The University of Nebraska at Lincoln wasn't the only institution whose membership in the Association of American Universities was at risk this spring.
Syracuse University, a member since 1966, was also placed under review last fall. But last month, as the review committee's work was concluding and it became clear that Syracuse wouldn't meet the association's revised membership criteria, university officials decided that they would leave the organization voluntarily, rather than face a vote like Nebraska's, and notified the leadership of their intentions.
On Sunday, in an interview with The Chronicle, Syracuse's chancellor, Nancy Cantor, confirmed that the university will withdraw from AAU membership in the coming months.
"We respect what the AAU is doing and where they are going," Ms. Cantor said. "If that's what they are focused on, so be it. We have momentum and we're proud of what we're doing, and that won't be affected by leaving the AAU."
Ms. Cantor called the revised membership criteria that the AAU adopted last spring "narrow," and said they rely on data in which federal research dollars in medicine and the sciences, in particular, were favored over other factors that she believes account for a broad-based research university tackling pressing problems.
"I respect what they're doing, but it doesn't mean that it covers the landscape for what research universities need to be doing to be critical this century," said Ms. Cantor, a former provost at the University of Michigan at Ann Arbor and former chancellor of the University of Illinois at Urbana-Champaign, both AAU members.
For example, the AAU discounts a university's research dollars from private industry or states because they are not generally awarded through a competitive, peer-review process.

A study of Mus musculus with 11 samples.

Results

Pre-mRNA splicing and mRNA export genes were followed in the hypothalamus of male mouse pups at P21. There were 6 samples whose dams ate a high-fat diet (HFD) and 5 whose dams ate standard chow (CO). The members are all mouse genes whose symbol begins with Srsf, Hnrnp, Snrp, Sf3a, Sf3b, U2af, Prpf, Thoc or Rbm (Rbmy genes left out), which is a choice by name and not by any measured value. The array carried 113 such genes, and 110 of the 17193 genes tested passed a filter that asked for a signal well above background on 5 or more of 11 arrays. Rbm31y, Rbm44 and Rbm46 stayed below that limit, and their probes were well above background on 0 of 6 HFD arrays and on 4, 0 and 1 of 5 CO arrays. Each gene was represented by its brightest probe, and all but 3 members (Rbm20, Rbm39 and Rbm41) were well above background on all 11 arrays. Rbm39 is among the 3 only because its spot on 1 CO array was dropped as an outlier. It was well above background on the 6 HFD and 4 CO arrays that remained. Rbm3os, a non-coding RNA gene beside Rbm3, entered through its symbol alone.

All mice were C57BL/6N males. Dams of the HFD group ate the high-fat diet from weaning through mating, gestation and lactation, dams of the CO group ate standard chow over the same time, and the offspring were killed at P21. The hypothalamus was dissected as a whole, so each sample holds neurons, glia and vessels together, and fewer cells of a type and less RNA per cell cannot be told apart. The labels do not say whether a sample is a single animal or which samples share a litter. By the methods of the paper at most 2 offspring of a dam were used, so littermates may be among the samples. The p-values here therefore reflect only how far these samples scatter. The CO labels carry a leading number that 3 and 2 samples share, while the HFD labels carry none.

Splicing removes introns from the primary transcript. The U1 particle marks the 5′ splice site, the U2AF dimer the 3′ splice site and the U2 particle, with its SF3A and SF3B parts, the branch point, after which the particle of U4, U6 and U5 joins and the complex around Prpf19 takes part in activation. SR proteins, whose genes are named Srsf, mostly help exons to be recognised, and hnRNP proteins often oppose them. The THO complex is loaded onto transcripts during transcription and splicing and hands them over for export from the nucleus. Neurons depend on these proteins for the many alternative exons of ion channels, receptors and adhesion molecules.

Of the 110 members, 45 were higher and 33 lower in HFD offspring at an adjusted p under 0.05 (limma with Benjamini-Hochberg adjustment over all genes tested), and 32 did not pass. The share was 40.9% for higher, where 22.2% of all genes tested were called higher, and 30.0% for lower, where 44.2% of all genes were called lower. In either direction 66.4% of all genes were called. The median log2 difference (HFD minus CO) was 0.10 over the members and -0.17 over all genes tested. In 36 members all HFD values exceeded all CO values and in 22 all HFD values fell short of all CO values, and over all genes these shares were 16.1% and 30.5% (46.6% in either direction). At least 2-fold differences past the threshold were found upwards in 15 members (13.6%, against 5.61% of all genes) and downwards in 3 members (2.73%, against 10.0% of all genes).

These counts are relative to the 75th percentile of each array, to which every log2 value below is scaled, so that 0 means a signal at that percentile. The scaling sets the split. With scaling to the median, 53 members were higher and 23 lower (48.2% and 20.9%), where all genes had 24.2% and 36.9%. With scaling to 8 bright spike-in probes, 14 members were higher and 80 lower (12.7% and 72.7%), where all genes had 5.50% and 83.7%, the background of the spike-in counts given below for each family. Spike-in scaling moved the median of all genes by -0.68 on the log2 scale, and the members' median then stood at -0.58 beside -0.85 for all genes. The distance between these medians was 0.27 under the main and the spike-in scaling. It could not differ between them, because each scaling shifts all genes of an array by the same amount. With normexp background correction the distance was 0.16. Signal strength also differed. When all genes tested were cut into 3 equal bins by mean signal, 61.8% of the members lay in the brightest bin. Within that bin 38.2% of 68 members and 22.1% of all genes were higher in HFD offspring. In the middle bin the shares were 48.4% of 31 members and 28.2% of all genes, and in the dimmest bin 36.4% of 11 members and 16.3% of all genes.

But Ms. Cantor said Syracuse, like a growing number of other universities, is working on research projects that receive money from a variety of sources outside the federal government. The university has several research projects with the urban Syracuse city schools to increase high-school graduation rates, among other improvements, that are paid for through federal, state, foundation, and business dollars.
"This is as cutting-edge research as you can get, and it's not going to show up in a narrow portfolio of federally sponsored research," Ms. Cantor said. "The federal government can't support all the innovation we need right now."
When it comes to federal research dollars, Syracuse has been on the decline. According to a Chronicle analysis of federal data, from 1999 to 2009, Syracuse had the fifth-largest percentage decrease in federally financed research expenditures of any college that was in the top 200 in federal money in 1999. Syracuse's federal dollars fell to $22.4-million during that period, a 42-percent drop after adjusting for inflation. Syracuse dropped 74 places—to 194th from 120th—on the list of universities reporting the most federally financed research expenditures.
Syracuse officials say that the data on federal science-and-engineering research at the university was misreported to the National Science Foundation and they have submitted new numbers.
Jeffrey Brainard contributed to this article.